Home alone

Alpha just left for Carinthia with her father, to pick up her mother who was getting massages because she got a fresh knee, is my understanding. Beta is in Vienna preparing for a visit to Indonesia. Gamma just sent us an SMS from London, BIN LEBEND ANGEKOMMEN (“I arrived alive”).

There have been ads for a show on television recently, something something SOLITARY CONFINEMENT something, with images of people freaking out because they can’t take 9 days alone. What could be easier? I thought.

Except. Ignoring people who are here is easier to take, it turns out, than dealing with their absence.

Despite the list of activities my wife gave me before she left.

And the list I have myself. Water garden. Tie up tomatoes. Filter pool. Yell at cats and chase them around. Chat with tortoise. Play cello, which has brand new Larsen strings and sounds amazng now.

And other stuff. Walks and stuff. Sleep. Icecream straight out of the container.

The Sense of Being Stared at by Zombies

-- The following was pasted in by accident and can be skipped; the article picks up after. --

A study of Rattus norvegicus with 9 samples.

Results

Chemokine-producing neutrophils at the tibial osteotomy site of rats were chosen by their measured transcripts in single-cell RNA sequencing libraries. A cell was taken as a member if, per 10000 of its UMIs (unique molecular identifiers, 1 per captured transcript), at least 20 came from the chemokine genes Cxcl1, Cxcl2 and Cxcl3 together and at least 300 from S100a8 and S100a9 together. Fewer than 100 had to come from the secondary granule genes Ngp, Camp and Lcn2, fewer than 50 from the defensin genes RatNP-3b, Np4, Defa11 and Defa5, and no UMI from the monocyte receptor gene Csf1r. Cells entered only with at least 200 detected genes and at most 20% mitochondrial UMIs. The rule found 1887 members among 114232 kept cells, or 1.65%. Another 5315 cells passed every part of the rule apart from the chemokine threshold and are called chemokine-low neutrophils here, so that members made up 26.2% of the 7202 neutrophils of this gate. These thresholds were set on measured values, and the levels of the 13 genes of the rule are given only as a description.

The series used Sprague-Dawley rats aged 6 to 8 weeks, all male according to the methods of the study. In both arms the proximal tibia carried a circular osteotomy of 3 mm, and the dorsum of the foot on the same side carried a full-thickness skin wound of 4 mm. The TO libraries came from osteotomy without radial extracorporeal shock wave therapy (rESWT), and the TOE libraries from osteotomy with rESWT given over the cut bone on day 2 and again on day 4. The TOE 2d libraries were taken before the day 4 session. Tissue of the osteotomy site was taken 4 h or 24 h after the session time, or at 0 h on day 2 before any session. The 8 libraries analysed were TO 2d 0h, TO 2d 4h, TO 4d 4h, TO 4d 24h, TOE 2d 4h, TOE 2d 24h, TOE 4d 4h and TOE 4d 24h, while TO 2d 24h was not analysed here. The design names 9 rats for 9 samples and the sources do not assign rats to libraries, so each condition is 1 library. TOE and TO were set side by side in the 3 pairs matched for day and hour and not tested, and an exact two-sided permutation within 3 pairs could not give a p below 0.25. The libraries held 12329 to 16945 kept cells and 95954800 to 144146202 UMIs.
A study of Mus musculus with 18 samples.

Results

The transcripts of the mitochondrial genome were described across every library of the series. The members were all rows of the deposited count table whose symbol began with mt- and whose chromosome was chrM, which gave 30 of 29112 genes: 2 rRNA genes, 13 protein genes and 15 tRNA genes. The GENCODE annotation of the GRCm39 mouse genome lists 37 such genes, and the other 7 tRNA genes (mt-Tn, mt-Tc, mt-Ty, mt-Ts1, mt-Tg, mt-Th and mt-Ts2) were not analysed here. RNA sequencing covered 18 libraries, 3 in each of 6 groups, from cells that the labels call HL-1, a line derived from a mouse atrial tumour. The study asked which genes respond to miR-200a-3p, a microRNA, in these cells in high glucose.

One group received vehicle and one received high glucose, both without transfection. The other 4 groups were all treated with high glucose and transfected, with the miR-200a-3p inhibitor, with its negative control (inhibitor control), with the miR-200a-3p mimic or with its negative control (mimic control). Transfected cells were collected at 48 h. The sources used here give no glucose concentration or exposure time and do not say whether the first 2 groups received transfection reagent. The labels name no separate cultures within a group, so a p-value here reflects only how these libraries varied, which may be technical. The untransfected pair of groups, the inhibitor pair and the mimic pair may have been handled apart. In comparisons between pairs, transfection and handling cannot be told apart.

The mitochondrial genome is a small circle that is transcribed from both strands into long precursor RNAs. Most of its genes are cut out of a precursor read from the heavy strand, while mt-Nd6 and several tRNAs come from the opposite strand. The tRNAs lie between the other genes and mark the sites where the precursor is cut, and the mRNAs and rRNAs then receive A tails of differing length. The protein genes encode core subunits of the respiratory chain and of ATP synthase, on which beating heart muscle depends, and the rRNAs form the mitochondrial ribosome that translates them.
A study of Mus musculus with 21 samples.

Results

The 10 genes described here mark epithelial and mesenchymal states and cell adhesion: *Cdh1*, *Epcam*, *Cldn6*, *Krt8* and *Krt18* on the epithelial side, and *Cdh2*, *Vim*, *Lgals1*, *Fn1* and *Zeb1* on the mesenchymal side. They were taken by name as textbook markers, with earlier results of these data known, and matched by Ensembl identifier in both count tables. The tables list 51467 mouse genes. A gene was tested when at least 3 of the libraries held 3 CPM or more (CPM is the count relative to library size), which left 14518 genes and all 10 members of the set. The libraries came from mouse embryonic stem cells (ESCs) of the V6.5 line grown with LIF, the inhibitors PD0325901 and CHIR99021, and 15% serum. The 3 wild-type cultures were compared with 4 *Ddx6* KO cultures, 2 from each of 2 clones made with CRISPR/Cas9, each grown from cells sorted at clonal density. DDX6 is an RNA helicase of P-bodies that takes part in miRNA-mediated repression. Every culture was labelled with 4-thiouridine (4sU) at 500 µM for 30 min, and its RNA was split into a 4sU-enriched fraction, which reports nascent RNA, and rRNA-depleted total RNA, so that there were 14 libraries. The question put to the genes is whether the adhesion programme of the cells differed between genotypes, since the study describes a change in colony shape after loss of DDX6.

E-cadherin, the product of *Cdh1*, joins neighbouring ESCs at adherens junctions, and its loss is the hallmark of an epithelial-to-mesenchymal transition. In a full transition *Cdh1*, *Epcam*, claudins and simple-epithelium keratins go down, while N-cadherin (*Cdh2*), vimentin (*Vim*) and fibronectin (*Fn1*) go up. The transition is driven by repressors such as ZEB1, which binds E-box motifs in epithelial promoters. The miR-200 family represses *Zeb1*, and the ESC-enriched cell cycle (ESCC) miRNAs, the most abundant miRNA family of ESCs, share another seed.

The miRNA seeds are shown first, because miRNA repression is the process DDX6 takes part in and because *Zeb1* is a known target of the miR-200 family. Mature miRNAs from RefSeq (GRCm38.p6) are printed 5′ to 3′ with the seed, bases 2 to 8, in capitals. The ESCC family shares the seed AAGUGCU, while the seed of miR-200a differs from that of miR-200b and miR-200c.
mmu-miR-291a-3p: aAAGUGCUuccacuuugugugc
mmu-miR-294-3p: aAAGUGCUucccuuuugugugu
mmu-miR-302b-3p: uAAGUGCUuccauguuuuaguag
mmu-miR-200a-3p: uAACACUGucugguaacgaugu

This morning, after being awoken by kittens at 4 AM after spending my first night alone while my wife was away on business and my children skiing with their grandparents and aunt, and kicking them out into the hall and ignoring their scratching at the door and then falling back to sleep and getting up at 5.30 to feed them and the big cats and then eat breakfast and feed the birds and clean litter boxes and take a shower and shave, I went upstairs to get dressed and standing there in the walk-in closet found the phrase “The Sense of Being Stared at by Zombies” in my head at the same time that I heard something scratching in the walls, much like the sounds taken to be rats in the ceiling or attic, I forget which, at the start of the novel “The Exorcist” (after reading that as a kid I lost any interest in watching the movie), and so stood there, wondering on the one hand what new resident this was I was hearing, a nest of martens, perhaps, or rats or birds or demons (when I thought of demons, another phrase entered my head: “The bad thing about slicing open demons is more demons come out”) and on the other what would differentiate the sense of being stared at by zombies from the sense of being stared at in general, and if it was humorous to imagine Rupert Sheldrake discussing the first draft of his book ultimately published as “The Sense of Being Stared At” with his agent, and his agent advising him to take out the zombies then it might be okay, or if I was one of those people who should not live alone for an extended time.